At the May 12 City Commission, elected officials voted to schedule a public hearing on June 16 to take up the “Neighborhood Compatibility Ordinance.”
The ordinance proposes 34 new Zoning Code development standards designed to make new development more compatible with adjoining residential neighborhoods.
The 34 proposed development standards address 6 issue areas, including design standards for commercial signs on local roads, buffers for buildings greater than 2 stories, buffers for trash enclosures and loading zones, buffers for drive-throughs, lighting standards, and design standards for multi-family projects.
This project began when neighborhood groups expressed concerns about whether recent new development is compatible with adjacent residential neighborhoods. Based on these concerns, staff surveyed 14 cities to document the tools used in their zoning codes to guide the form of commercial and multi-family development adjacent to residential areas.
Staff, after taking into consideration issues unique to Tallahassee, presented the draft ordinance to neighborhood stakeholders. A total of 13 meetings were held with various neighborhood groups, including the Alliance of Tallahassee Neighborhoods, the Council of Neighborhood Associations, the Capital Area Neighborhood Network, the Frenchtown Citizen Advisory Council, and a group of leaders from Southside neighborhoods.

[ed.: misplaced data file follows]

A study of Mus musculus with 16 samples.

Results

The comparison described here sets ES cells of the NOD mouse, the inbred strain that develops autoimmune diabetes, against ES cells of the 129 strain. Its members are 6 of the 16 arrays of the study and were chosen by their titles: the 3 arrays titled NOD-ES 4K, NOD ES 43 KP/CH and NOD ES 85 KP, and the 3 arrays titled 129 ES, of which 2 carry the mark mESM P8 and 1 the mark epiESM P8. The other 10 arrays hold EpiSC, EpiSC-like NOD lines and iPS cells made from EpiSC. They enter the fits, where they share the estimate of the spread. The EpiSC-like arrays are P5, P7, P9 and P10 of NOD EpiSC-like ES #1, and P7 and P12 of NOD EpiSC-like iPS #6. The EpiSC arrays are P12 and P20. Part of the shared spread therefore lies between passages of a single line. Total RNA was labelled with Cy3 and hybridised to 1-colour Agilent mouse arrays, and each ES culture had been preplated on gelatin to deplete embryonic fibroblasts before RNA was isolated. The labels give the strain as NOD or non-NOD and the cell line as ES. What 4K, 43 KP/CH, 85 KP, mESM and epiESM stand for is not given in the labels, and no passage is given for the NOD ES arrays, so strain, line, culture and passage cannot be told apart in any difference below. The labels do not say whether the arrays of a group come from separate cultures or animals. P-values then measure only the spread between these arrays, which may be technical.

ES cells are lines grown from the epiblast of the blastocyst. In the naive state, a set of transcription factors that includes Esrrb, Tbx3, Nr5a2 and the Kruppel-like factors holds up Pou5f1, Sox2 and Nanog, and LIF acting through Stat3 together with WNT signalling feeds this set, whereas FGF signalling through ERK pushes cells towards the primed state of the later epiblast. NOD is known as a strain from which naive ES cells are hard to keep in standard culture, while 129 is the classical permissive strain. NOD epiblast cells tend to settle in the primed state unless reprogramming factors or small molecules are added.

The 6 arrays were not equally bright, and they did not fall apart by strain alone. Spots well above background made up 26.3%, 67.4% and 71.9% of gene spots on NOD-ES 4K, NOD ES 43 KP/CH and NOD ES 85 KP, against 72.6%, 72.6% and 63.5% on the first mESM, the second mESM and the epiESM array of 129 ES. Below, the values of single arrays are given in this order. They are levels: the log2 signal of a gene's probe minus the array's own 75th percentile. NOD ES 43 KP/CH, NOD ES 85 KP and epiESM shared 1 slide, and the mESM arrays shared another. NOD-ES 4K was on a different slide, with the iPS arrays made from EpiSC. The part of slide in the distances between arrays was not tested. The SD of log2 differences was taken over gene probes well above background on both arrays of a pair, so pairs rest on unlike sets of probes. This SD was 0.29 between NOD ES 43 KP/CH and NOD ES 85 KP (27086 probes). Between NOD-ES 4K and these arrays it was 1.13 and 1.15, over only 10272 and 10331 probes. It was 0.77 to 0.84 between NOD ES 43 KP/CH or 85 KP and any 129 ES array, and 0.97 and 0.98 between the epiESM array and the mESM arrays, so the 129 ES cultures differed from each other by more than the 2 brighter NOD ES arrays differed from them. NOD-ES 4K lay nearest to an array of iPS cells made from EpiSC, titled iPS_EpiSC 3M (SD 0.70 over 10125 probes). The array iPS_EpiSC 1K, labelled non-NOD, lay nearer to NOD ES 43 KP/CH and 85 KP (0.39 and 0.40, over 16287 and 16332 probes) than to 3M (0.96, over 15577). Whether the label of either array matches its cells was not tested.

Staff also held 6 meetings with business stakeholders, including the Greater Tallahassee Chamber of Commerce, the Big Bend Minority Chamber of Commerce, the Capital City Chamber of Commerce, the local chapter of the American Institute of Architects, and the local chapter of the American Society of Landscape Architects.
At the conclusion of the neighborhood outreach, the draft ordinance included 35 development standards. At the conclusion of the subsequent business outreach, the draft ordinance had 34 new development standards. Consensus was reached among all community stakeholders on 97% of the content of the ordinance.
The single standard that did not have consensus is a requirement for a multi-family developer to meet with neighbors prior to filing a site plan application. Neighborhood stakeholders supported the requirement to facilitate early communication, but business stakeholders did not support it due to the increased time and cost that would be added to the permitting process. Given that there was no agreement on this issue, the proposed ordinance does not include the requirement for a neighborhood meeting for multifamily projects.
The Tallahassee-Leon County Planning Commission determined the proposed ordinance is consistent with the provisions of the Comprehensive Plan at its April 6, 2021 meeting.
The comparison of the proposed revisions are shown below.